Sustained by the favourable international environment and growth in domestic demand, the recovery of the Italian economy, according to Report on recent economic developments for July, is proceeding at a slightly more robust pace than assumed in the spring.
Recovery accelerates: after a strong first quarter, GDP growth is estimated at 0.3 per cent and 0.2 per cent in the second and third quarters; for 2017 as a whole, GDP is forecast to expand by 1.2-1.3 per cent
Real GDP growth, corrected upwards by ISTAT to 0.4 per cent in the first quarter, was estimated by the PBO at 0.3 per cent in the second (1.4 per cent year-on-year) and 0.2 per cent in the third (1.3 per cent year-on-year). Despite the acceleration at the start of the year, the pace of growth of the Italian economy is still slower than the euro-area average. Assuming growth in the fourth quarter as well, the economy could grow by 1.2-1.3 per cent, more rapidly than assumed in the EFD (1.1 per cent).
But the growth of nominal GDP, which is significant for the public finances, is weak and appears to fall short of the EFD forecast
The strong performance of real growth does not appear likely to be reflected in nominal GDP, a key indicator of the sustainability of the public finances, especially for a resumption of the decline in the debt/GDP ratio. GDP at current prices decreased slightly in the first quarter owing to a decline in the GDP deflator, which more than offset the good performance of output in real terms. The decrease in the GDP deflator in the first quarter reflected the weakening of domestic inflationary pressures (both unit labour costs and unit profit margins, while the increase in external pressures (oil prices) raised the consumption deflator in that period. In view of the negative start to the year, unlike real GDP, nominal GDP growth is well off the forecast presented by the Government in the EFD for 2017 as a whole (+0.5 per cent for growth achieved after the first quarter if there were no further changes, compared with a policy objective of +2.3 per cent).
Thanks to the gradual recovery in market shares, exports have been boosted
World trade is picking up. Although the geographical composition of the revival of international trade has been relatively less favourable for Italy, exports continued to recover in the first half of 2017. Merchandise exports increased by 1.7 per cent in the first quarter and continued to perform well in subsequent months (+0.8 per cent at current prices in April-May). In the last four quarters, Italian exports have expanded more rapidly than world exports (6.8 per cent, compared with 4 per cent), continuing the gradual recovery in markets shares that began in 2010. The expansion of exports was outpaced by the even faster growth in imports. As a result, the first part of the year external demand made a negative contribution to GDP growth.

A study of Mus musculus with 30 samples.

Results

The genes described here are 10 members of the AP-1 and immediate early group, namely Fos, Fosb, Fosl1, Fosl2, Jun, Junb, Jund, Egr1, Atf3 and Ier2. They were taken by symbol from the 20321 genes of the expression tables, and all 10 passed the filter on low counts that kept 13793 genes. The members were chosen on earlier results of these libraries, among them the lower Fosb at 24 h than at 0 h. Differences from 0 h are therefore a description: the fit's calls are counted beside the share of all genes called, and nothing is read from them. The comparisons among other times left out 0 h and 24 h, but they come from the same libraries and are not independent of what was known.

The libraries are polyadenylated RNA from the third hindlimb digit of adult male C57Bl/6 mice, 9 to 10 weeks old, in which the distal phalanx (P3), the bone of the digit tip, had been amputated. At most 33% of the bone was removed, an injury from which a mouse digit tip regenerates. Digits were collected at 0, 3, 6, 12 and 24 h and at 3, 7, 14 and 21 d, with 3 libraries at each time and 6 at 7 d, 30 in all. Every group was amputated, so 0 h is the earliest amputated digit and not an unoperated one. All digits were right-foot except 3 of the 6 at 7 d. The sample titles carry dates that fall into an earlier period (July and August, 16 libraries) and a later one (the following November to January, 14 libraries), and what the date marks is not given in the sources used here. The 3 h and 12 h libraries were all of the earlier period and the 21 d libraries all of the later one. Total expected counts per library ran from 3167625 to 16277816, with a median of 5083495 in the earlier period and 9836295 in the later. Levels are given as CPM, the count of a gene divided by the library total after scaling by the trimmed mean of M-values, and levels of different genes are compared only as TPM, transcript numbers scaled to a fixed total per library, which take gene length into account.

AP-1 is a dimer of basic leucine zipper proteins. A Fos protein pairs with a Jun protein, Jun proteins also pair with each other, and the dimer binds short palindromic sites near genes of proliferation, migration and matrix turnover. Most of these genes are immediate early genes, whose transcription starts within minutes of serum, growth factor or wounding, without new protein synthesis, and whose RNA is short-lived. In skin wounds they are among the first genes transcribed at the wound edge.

A reduction in uncertainty (PBO indicator) could boost the economy in the coming months
The performance of quantitative indicators, such as developments in industrial production (+0.7 per cent in May, after contracting in January and April), was uneven, despite the expansion in economic activity. The average level of the aggregate indicator of business confidence in April-June was in line with that in the first quarter, well above the long-term average. The favourable climate of confidence spread to nearly all productive sectors. Additional positive news comes from the PBO uncertainty indicator, which fell markedly in the first half of 2017, returning to the level seen prior to the 2008-2009 crisis. By stimulating investment and consumption and increasing demand for the factors of production, lower uncertainty represents a necessary condition for sustaining the recovery in the second half of 2017.
Labour market improves but underemployment remains very widespread (24.5 per cent)
With economic activity gathering strength, employment continued to grow in the first part of the year, reflecting the considerable increase in workers on fixed-term contracts, attributable in part to the expiry of the contribution relief for new hiring on open-ended contracts. In the first five months of 2017, employment expanded by an average of 1.1 per cent over the same period of 2016, reflecting the leap in fixed-term employment (8.6 per cent) and a modest expansion in permanent employment (0.7 per cent). The improvement in economic conditions and the good performance of employment encouraged greater labour market participation (with the number of inactive people falling by 473,000 in the first quarter compared with the year-earlier period), slowing the decline in the unemployment rate (11.2 per cent). Despite the improvement in the labour market, underemployment remains extensive and considerably more widespread than indicated by unemployment figures. Summing the potential labour force (inactive people available to work) with the unemployed and the underemployed (about 800 thousand people working few hours than they would like), the underemployment rate in the first quarter of the year was 24.5 per cent of the extended labour force. This phenomenon, which can be found to varying degrees in the rest of the euro area as well, tends to weaken wage pressures. Together with the weakness of oil prices and the appreciation of the euro in recent months, this is acting to keep inflation in Italy and the euro area low, well below the target rate of 2 per cent, as confirmed by the ECB.